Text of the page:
By Faith

April 18, 2019

Five years ago today, June 6, 2011, the Islamist Republic of Sudan began an attack on the people of the Nuba Mountains that continues right now as you read this post.


When I first started receiving emails and phone calls about bombs dropping from the sky and militiamen on horseback and in tanks committing ground warfare against the civilian men, women, and children in the Nuba Mountains, I couldn’t believe it. This kind of atrocity and genocidal jihad had only been absent from the Nuba Mountains for a few years. And now it was starting again?


In the video below I recollect how at the 1994 General Convention of the Episcopal Church, IRD proposed a resolution on Sudan that contained a description of the “forced Islamization and ethnic cleansing” taking place in the Nuba Mountains. Some General Convention delegates (mostly part of the Episcopal Peace Fellowship!) declared their discomfort with the phrase “forced Islamization.” But look at this description from the seminal report by Dr. Milliard Burr, Quantifying Genocide in Southern Sudan and the Nuba Mountains, 1983-1998:

In January 1992, South Kordofan governor, Lt. General al-Hussein, formally declared a Holy War (Jihad) in the Nuba Mountains. By approving of or acquiescing in wholesale murder, abduction, rape, family separation, forced religious conversion, and the forced relocation of tens of thousands of Nuba in so-called “peace villages,” the Khartoum government sought to extirpate the Nuba peoples themselves. There followed more attacks on villages, and a policy of military conquest was attended by a “policy of famine.” By approving the slaughter of villagers, and by initiating policies that would lead ineluctably to the deracination and acculturation of the Nuba peoples, the NIF government is committed to cultural genocide.

That Episcopal General Convention was 22 years ago! How is that we could allow this slaughter of the black, African people groups of the Nuba Mountains to happen again, and to continue being perpetrated by the racist regime in Khartoum?

The President of Sudan, Omar al Bashir (an war criminal, indicted by the International Criminal Court), has called the Nuba “black insects” and “trash” and numerous times has announced his intentions of “cleaning up” the region, i.e. eradicating the Nuba people. And the world, including the U.S.  government, calls that “inflamed rhetoric.”

It is not “rhetoric” when Antonovs are circling schools, churches, and clinics, dropping bombs on them. It is not “rhetoric” when militias, possibly even aided by UN ‘peacekeepers,’ round up thousands of Nuba people fleeing from the attacks and then slaughter them and hide their bodies in a mass grave. It is not “rhetoric” when people are deliberately starved to death.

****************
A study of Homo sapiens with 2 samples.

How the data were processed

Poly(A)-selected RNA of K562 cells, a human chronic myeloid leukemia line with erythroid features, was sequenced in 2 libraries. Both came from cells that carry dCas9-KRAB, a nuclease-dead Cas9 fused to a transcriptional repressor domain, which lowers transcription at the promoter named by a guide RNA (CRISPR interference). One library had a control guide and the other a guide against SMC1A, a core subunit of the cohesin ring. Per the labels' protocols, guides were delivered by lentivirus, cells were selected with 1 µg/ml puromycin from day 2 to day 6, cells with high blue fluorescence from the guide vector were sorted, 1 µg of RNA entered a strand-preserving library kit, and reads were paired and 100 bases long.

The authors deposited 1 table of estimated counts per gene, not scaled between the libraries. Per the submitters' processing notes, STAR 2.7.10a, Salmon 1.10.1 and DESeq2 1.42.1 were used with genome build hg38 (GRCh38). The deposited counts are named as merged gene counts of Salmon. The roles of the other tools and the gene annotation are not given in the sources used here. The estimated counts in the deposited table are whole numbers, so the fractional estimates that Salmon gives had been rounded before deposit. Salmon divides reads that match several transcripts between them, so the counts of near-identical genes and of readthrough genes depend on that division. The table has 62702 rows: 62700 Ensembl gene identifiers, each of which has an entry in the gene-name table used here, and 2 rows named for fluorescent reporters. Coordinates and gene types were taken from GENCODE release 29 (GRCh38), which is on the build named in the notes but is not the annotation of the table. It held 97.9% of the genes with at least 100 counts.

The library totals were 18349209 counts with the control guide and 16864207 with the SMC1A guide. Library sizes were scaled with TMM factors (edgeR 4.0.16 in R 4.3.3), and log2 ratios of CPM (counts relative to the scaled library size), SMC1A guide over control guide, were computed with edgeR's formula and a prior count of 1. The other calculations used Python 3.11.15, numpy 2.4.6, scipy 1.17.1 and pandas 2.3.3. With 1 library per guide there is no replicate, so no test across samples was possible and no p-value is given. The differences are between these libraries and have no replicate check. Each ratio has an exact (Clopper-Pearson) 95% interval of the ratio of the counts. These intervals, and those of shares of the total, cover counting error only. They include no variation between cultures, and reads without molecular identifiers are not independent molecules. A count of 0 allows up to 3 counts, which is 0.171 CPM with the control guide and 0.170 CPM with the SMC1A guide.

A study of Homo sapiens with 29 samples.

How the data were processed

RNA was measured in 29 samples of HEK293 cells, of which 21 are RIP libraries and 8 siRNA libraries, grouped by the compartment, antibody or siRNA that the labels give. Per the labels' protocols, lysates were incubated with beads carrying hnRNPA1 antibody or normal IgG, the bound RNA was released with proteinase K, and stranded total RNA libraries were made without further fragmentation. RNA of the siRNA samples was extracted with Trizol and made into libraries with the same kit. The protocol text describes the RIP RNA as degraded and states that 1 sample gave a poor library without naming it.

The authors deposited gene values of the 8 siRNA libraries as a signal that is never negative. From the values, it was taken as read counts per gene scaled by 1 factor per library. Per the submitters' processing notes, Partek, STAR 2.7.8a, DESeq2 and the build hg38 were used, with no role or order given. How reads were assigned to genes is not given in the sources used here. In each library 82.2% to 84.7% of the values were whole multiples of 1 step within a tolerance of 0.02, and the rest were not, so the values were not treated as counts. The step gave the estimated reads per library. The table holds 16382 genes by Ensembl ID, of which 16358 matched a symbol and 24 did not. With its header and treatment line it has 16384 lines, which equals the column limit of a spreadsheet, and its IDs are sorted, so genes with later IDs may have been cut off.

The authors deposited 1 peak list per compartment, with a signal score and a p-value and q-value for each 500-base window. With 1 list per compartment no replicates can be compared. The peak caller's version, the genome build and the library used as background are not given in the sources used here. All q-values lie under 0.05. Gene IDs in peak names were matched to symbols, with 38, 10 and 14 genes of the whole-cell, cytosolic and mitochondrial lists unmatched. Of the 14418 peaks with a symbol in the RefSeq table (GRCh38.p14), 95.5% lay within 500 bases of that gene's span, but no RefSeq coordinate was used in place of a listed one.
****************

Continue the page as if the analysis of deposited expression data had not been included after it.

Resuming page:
That inflamed rhetoric has been getting more and more inflamed lately, then. You could even say it is combustible, considering the number of burn victims that Mother of Mercy Hospital, the only hospital in the Nuba Mountains, has been trying to save in recent weeks (when they are not being bombed themselves). Our valiant friends from the Persecution Project Foundation recently brought a skin graft mesher machine to the heroic Dr. Tom Catena, the American doctor who remains amongst the bombs, saving lives, at that one and only hospital for the Nuba.

Today, on this anniversary of the start of the jihad, Nuba from the United States are demonstrating in front of the United Nations in New York. As I mention in the video below, they are also presenting to the UN and to world leaders a petition asking that the UN, the United States, the European Union, and the African Union take the following actions:

  • Reform the policy of pressuring victims of Sudan’s aggression to make deals with that oppressive dictatorship.

  • Prevent aerial attacks on civilians by either imposing a no-fly zone, destroying the regime’s aerial assets, or supporting those who are fighting to protect civilians and promote freedom and democracy

  • Retain sanctions against the Sudan government, as well as the listing of Sudan as a supporter of terrorism

  • Create a system to monitor and deliver sufficient humanitarian aid to those in need


The entire petition is available on the Center for Security Policy’s website here. Please read it and pray about what you can to help the people of Sudan’s Nuba Mountains, whether it be to help support organizations that are providing humanitarian aid, or getting involved in advocacy. One of the best sources for immediate news from the front lines is Nuba Reports. And look for more information about the Nuba genocide in the coming days here, as well.

A version of this article first appeared in The Institute on Religion and Democracy Blog.